Hillary, 2020 Dem hopefuls decry ‘voter suppression’ as they hit Selma for ‘Bloody Sunday’ commemoration
SELMA – Even though the heavens opened up and the rain came pouring down on Sunday, it did not stop the march commemorating the 54th anniversary of 1965’s “Bloody Sunday” across the Edmund Pettus Bridge.
Former Secretary of State Hillary Clinton, the 2016 Democratic presidential nominee and a handful of 2020 Democratic Party presidential hopefuls, including Sens. Cory Booker (D-NJ), Sherrod Brown (D-OH) and Bernie Sanders (I-VT), highlighted the names of participants on Sunday.
Throughout the day’s events, which began with the Martin Luther King and Coretta Scott King Unity Breakfast, continued with remarks from Clinton, Booker and Rep. Terri Sewell (D-Birmingham) at the Brown Chapel AME Church and concluded with the march across the historic bridge, putting a stop to alleged voter suppression was a reoccurring theme of the day.
“We’re here to honor the legacy of those that fought, died and bled for the right for us to vote, and we must do our part in 2019,” Sewell declared during the Unity Breakfast.
“[T]here is no more fundamental right than the right to vote,” Clinton said to marchers before they began their journey over the Alabama River. “It is under attack. It is under fire. It has got to be protected. No matter what else you care about, there is nothing more important than standing up and fighting for the right to vote right now.”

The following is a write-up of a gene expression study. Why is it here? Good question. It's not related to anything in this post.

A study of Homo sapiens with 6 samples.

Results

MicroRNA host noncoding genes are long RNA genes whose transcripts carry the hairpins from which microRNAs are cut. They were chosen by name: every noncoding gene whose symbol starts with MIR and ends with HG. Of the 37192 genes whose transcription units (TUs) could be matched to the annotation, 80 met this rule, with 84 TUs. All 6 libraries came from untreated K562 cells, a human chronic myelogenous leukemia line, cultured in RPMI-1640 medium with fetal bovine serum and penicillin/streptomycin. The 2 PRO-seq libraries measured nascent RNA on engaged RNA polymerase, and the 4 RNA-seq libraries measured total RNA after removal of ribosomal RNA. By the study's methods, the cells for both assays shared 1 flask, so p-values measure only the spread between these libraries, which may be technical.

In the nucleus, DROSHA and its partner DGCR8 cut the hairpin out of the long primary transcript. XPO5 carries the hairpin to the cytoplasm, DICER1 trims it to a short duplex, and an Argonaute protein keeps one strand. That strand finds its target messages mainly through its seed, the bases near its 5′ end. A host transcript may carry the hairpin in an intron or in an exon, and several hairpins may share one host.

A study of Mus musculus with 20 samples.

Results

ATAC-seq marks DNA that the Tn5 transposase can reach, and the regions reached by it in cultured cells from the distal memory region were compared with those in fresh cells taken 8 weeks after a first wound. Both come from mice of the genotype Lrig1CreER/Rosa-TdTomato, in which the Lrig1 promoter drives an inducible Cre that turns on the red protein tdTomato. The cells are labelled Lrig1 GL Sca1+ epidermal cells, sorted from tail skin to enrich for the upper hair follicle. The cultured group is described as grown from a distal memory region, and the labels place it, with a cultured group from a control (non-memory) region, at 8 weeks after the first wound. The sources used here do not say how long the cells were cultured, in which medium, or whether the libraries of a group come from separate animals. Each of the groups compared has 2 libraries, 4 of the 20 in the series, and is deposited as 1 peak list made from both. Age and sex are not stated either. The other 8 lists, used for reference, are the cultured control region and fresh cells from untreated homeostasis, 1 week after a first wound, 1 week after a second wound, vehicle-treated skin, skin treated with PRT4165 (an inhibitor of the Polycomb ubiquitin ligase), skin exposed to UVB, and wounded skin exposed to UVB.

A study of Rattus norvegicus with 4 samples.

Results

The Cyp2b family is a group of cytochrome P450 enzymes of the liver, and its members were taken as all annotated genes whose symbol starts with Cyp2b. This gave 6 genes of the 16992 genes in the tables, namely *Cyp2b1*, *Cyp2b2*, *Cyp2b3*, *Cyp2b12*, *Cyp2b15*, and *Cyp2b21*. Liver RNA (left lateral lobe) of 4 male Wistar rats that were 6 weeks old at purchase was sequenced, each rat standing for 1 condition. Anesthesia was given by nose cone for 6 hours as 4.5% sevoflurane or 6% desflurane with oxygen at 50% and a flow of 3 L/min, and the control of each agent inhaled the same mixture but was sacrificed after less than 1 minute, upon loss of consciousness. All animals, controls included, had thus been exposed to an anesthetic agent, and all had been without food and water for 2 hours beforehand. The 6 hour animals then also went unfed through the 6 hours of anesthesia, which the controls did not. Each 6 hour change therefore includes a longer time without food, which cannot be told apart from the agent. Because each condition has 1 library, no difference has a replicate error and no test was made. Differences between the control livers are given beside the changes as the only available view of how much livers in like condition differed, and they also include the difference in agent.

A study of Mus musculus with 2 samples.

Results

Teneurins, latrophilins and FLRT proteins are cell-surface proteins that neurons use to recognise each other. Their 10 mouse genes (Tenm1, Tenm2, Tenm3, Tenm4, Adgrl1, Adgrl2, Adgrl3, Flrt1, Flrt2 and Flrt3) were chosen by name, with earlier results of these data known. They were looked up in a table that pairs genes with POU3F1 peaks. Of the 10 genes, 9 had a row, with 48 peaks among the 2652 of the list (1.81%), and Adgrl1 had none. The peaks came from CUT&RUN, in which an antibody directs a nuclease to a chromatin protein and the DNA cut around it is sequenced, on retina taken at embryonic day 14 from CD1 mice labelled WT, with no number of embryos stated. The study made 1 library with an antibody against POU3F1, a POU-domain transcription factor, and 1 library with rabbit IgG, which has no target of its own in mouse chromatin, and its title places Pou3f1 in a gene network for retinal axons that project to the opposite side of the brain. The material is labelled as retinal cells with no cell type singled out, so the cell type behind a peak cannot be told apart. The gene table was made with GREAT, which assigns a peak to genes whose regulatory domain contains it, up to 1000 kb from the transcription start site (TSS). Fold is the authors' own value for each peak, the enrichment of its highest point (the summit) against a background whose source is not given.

Rep. Shelia Jackson Lee (D-TX) echoed Clinton’s remarks emphasizing the need to combat so-called voter suppression.
“Voting rights are under fire,” Jackson Lee said. “That’s why I’ve come to march with you across the Edmund Pettus Bridge … where many shed their blood. And as Rev. [William J.] Barber said, we are those who have ancestors who have dictated to us what we must do. We must fight and never give up. We must recognize voter suppression is not American. Voter suppression is not who we are. Voter suppression cannot stand, and we will continue to fight until we stamp out voter suppression.”
The voter suppression theme was also on display as marchers sang about the “polling house” as they marched.
Earlier, Booker had delivered the keynote speech to Brown Chapel AME Church, and made a call to the parishioners to “defend the dream.”
“People feel the forces tearing us apart are greater than those bringing us together,” the New Jersey Democrat said during his emotional address. “It’s time for us to defend the dream. It’s time that we dare to dream again in America.”
Sherrod Brown was making a return to Alabama for the annual occasion.
“It’s great to be here,” Brown said to Yellowhammer News. “It’s the fifth time I’ve crossed this bridge, fifth time I’ve been in Brown Chapel, and it’s an honor to be here. I’ve brought my daughters, I’ve brought my wife, and I’ve brought my mother a number of times over the years. It’s part of our family.”
Also in attendance for Booker’s speech at the Brown Chapel AME Church was former Alabama Gov. Don Siegelman.